By TOM JONES
Colts quarterback Peyton Manning will miss at least two months, and maybe longer, with neck problems. Even at 35, Manning might mean more to the Colts than any other player means to his team. Here are my picks for the five players in sports right now who mean the most to their teams.
Justin Verlander, pitcher, Detroit Tigers
The Tigers are on the verge of their first division crown, and just their second postseason appearance, since 1987 (they were a wildcard when they advanced to the 2006 World Series.) They are where they are this year mostly because of Verlander, who is a lock for the AL Cy Young and has a shot at MVP. Consider: Coming into the weekend, the Tigers had won 81 games. Verlander was the winning pitcher in 22 of them. Since May 24, the team is 19-2 in games started by Verlander, and one of those losses was by 1-0. The rest of the Tigers' starting pitchers have combined for only 41 victories.
Troy Polamalu, safety, Pittsburgh Steelers
Usually, the quarterback is a football team's most valuable player. But ask anyone who follows the Steelers closely and they'll tell you Polamalu has been Pittsburgh's most crucial player the past several years. Ben Roethlisberger is an excellent NFL quarterback, but the Steelers have survived just fine without Big Ben in the past, including a 3-1 record to start last season when Roethlisberger was suspended. But things don't go quite as well when Polamalu is out. The Steelers are 65-26 since 2004, Polamalu's first year as a starter, (a .714 winning percentage) with him in the lineup but only 12-9 (.571) without him. In addition, the Steelers force twice as many turnovers per game when Polamalu plays.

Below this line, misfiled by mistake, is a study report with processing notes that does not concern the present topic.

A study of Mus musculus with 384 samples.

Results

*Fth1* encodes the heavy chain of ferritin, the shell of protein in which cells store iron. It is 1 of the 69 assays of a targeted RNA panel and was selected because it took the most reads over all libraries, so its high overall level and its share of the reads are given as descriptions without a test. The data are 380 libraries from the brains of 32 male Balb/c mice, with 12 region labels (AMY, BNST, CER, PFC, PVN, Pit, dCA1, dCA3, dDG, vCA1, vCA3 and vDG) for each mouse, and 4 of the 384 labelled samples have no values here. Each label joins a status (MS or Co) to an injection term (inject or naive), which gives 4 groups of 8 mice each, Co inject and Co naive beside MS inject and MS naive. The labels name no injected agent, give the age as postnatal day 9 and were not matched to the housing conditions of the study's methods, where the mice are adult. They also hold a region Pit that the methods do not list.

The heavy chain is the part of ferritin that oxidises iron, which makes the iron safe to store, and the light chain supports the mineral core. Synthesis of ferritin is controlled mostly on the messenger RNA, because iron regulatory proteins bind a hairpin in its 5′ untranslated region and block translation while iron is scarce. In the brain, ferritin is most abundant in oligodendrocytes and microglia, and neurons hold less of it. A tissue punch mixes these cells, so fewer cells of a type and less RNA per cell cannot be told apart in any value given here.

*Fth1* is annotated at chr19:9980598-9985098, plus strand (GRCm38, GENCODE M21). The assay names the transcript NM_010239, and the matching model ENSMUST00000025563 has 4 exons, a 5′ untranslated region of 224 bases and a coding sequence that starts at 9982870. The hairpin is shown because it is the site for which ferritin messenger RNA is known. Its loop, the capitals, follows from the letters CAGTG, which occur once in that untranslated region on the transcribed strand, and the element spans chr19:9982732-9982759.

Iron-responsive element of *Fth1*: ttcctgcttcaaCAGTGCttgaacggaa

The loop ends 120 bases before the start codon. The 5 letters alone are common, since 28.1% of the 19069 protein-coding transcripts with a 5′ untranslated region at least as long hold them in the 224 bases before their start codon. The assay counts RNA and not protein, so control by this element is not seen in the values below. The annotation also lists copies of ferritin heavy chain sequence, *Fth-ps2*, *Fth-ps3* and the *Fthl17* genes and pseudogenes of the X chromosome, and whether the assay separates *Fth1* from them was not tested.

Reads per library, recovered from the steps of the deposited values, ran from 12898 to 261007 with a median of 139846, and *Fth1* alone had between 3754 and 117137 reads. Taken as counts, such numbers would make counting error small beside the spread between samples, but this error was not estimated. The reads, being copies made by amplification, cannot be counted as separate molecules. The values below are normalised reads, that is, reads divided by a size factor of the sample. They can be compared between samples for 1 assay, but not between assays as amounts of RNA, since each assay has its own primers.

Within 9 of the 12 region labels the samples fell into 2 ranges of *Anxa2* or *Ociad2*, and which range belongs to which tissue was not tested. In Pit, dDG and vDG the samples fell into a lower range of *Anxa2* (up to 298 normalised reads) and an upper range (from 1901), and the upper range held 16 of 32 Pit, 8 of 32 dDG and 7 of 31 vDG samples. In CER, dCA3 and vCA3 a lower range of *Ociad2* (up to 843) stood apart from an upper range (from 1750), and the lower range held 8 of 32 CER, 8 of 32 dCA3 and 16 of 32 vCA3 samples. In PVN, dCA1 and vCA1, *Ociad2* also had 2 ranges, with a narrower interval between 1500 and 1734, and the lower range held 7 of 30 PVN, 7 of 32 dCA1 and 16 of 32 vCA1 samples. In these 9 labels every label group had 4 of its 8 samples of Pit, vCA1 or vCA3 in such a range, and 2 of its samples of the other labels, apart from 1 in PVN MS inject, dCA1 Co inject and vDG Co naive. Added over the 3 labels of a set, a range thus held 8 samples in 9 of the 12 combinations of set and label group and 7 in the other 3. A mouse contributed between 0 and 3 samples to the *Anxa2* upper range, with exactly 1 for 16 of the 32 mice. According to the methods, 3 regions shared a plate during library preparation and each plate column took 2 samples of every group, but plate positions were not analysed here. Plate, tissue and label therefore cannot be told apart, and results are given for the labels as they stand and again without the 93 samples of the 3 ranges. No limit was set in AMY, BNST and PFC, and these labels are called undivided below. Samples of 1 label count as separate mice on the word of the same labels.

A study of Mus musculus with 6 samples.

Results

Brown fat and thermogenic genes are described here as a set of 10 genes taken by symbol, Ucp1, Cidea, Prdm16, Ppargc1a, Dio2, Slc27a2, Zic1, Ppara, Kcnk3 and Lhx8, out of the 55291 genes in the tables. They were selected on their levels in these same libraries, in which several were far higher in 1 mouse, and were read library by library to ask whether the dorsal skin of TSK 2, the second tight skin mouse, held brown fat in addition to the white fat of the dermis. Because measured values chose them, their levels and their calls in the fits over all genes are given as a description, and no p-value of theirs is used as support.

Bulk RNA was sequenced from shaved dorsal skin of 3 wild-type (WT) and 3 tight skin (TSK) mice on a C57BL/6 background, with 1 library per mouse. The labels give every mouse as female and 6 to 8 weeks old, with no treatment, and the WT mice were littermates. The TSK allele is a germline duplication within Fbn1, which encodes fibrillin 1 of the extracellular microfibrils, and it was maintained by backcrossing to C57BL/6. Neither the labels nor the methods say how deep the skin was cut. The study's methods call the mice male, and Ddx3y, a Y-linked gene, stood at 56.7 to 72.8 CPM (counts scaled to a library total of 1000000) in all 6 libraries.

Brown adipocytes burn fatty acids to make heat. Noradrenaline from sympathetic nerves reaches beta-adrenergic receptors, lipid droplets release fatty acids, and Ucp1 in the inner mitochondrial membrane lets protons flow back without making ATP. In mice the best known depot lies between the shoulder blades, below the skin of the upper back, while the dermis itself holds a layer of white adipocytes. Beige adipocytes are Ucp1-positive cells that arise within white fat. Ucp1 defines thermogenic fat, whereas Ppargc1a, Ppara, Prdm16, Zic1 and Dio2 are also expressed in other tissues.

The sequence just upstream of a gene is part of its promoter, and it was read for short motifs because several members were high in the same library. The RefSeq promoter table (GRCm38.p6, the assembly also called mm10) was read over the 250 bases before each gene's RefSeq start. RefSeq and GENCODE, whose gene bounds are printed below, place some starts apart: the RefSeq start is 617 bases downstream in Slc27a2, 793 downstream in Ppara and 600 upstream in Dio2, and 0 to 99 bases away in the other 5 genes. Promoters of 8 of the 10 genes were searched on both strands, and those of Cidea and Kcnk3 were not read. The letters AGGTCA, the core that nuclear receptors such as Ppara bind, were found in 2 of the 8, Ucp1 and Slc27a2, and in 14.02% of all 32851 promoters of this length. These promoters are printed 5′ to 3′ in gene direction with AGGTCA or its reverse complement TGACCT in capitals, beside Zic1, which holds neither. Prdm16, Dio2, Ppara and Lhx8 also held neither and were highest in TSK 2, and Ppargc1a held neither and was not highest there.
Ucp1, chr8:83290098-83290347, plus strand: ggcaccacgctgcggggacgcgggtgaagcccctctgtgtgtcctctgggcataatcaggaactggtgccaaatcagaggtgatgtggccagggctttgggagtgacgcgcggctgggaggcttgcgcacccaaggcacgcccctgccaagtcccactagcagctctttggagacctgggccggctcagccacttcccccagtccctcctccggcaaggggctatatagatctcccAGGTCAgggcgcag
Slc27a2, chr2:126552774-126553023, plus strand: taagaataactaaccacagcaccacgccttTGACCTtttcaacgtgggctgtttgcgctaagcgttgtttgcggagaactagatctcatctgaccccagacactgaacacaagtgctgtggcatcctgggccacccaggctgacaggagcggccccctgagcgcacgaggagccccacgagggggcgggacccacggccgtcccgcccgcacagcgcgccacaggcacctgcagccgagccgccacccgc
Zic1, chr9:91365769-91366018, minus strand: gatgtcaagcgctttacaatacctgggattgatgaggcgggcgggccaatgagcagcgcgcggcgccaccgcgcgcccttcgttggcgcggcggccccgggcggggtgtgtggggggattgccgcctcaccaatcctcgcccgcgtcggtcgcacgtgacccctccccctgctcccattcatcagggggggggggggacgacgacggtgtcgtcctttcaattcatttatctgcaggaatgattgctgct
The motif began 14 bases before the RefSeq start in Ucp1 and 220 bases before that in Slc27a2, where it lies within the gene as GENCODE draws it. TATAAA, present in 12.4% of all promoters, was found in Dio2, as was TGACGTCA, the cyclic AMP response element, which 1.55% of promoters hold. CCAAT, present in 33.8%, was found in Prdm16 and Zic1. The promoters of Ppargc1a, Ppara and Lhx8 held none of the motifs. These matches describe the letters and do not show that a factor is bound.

Sidney Crosby, center, Pittsburgh Penguins
Back on Jan. 5, the Penguins beat the Lightning in a game where Crosby is believed to have suffered his second concussion in five days — following his first severe one in the Jan. 1 Winter Classic game. After beating the Lightning, the Pens were 26-12-3 and first overall in the Eastern Conference. The team's captain missed the rest of the season, and the Penguins went 23-13-5 to finish fourth in the East. (The Pens also lost Evgeni Malkin for the season less than a month after losing Crosby.) In the first round of the playoffs against Tampa Bay, the Pens averaged two goals a game were shut out in Game 7. The Pens are Cup contenders with Sid the Kid and barely a playoff team without him.
Dirk Nowitzki, forward, Dallas Mavericks
Every NBA team would be in trouble without their best player. Think of the Lakers without Kobe Bryant, the Thunder without Kevin Durant or the Magic without Dwight Howard. But the Dallas Mavs are the NBA champs because of Nowitzki. During the regular season, he averaged 23 points per game, while the Mavs averaged 100.2. During the playoffs, when he hit every big shot needed, Nowitzki averaged 27.7 for a team that averaged 98.2. Last season, teams playing without their leading scorer won about 31 percent of the time. But when Nowitzki missed nine games around Christmas last season, the Mavs won only two.
Aaron Rodgers, quarterback, Green Bay Packers
Most NFL teams rely heavily on their starting quarterbacks. (Though, remember, the Patriots went 11-5 with Matt Cassel replacing an injured Tom Brady in 2008.) But the dropoff between Rodgers and backup Matt Flynn is fairly significant. Rodgers is, arguably, the best signal-caller in football right now. Meantime, in two games last season filling in for the injured Rodgers, Flynn went 0-2, including a 7-3 loss to the Lions. He has a career QB rating of 73.2, compared to Rodgers' rating of 99.1. Maybe Flynn just needs more of a chance to play, but Packers fans are hoping that chance doesn't come anytime soon.
Check it out
Today's This Week in Rays Baseball (noon, 620-AM) looks back at the 2001 terrorist attacks and personal stories of Rays players and executives. Host Rich Herrera interviews local firefighters who went to ground zero in 2001, plus several Rays coaches, executives and broadcaster Todd Kalas about their Sept. 11 experiences.